He'll star in Miller's 'Mr. Peter's Connections'
Peter Falk returns to Broadway to star in the premiere of Arthur Miller’s play “Mr. Peters’ Connections.” It is Falk’s first time on stage since 1970 when he starred in Neil Simon’s “Prisoner of 2nd Ave.” with Lee Grant and directed by Mike Nichols. (By the way, Falk did not do the movie — it was Jack Lemmon who co-starred with Anne Bancroft with Gene Saks directing the movie version.)
Asked how this offer came about, Falk remarked “That’s the same question I asked Miller — ‘Why me?’ He said he didn’t know many actors so he checked with his son-in-law, Daniel Day-Lewis, and the son-in-law said, ‘Try Falk.’ I fluttered a couple of feathers when I heard that,” Falk laughed.
Falk started his career onstage, noting he got lucky with his second job: “A smash hit — Jose Quintero’s revival of ‘The Iceman Cometh’ starring Jason Robards. I was never offstage for four hours.”
Falk describes “Mr. Peters’ Connections” “as a hilarious comedy about an ex-fighter pilot from WWII — who is now older than anyone he ever knew. He is mystified by the contemporary scene — for instance, ‘Why would penile augmentation cost $ 4,400 and hymen reconstruction $ 400 less?’ ”
Falk tells me, “I can’t begin to capture the essence of this monumentally imaginative piece — but I can thank Mr. Miller for creating a character that I’ll love with all my heart. Mr. Miller has done an interesting thing — his character has an emotional reaction first and he’s not sure of the event that produced it. So if he smiles, it’s tinged with puzzlement because he’s not quite sure why he’s happy. Obviously these abrupt changes of mood without any preface are dramatically arresting. That’s a fancy way of saying, ‘That’s good for the actor.’ ”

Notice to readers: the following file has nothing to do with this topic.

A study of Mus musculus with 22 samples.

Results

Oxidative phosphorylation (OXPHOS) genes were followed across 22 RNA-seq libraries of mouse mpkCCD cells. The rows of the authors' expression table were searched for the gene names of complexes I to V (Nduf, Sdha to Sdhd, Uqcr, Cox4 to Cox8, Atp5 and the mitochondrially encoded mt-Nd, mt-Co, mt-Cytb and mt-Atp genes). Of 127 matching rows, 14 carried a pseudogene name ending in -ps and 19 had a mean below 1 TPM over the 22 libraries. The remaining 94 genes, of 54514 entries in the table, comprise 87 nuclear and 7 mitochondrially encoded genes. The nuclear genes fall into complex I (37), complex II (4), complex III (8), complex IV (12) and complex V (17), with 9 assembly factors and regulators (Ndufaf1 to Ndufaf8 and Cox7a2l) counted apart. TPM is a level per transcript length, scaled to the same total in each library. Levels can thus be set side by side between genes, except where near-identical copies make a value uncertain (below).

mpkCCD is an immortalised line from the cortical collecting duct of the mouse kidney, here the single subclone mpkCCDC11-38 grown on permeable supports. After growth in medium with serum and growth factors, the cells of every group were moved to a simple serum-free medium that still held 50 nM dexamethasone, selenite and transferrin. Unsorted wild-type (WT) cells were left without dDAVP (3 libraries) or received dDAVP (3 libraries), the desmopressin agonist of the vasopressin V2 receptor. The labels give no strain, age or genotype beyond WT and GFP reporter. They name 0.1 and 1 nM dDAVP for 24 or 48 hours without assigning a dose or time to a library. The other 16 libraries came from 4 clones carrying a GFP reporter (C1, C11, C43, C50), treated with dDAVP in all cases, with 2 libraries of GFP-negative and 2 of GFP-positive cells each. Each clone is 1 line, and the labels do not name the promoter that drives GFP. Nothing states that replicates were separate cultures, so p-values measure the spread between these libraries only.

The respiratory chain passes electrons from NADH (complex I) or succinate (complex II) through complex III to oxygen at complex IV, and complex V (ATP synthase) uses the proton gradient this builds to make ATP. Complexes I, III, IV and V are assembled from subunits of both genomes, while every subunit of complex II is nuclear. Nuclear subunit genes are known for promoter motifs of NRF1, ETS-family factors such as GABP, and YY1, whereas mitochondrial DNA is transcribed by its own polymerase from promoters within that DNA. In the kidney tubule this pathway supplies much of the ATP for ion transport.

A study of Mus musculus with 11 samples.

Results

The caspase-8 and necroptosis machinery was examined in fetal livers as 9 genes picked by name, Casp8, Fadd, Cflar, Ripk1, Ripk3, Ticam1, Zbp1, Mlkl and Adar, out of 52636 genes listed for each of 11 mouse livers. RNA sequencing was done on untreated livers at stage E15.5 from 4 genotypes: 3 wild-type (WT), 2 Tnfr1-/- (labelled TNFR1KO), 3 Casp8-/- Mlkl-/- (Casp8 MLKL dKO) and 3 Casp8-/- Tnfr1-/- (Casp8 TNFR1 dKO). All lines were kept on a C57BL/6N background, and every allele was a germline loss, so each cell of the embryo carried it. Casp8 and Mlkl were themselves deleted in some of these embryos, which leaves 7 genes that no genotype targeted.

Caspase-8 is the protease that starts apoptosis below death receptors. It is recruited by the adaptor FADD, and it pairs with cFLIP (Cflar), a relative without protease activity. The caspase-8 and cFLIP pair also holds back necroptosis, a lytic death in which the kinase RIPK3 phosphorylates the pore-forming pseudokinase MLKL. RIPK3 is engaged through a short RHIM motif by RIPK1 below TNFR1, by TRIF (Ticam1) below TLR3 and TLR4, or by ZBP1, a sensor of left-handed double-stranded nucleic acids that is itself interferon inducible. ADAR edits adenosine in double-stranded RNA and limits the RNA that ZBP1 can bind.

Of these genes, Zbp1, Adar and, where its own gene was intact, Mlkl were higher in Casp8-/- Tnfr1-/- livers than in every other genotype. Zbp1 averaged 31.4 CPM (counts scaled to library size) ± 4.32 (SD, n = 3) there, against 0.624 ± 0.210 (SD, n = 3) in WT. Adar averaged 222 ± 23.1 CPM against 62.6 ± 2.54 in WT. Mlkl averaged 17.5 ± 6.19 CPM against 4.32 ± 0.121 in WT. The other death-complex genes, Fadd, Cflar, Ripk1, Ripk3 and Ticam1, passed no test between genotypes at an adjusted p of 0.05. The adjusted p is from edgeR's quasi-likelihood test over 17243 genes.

Falk has agreed to a limited run of the play, eight weeks beginning previews April 28 at the Signature Theatre Company’s new home at 555 West 42nd St. Opening night is skedded for May 10.
Garry Hynes directs and the play is presented by the Signature Theatre Company’s James Houghton and Thomas Proehl. Falk works gratis.
Meanwhile Monday, Falk starts another of his “Columbo” (started in 1968) TV movies for ABC. How many more will the five-time Emmy-winning (for “Columbo”) actor do? “There’s no formula — when we get a good script — we do it.”
Patrick McGoohan, two time Emmy winner for a supporting actor in “Columbo” shows, will again guestar, playing a mortician to the stars. “It’s a very amusing piece,” laughs Falk. Sally Kellerman plays a TV tabloid columnist-widow of cowboy star, “Chick Huston.”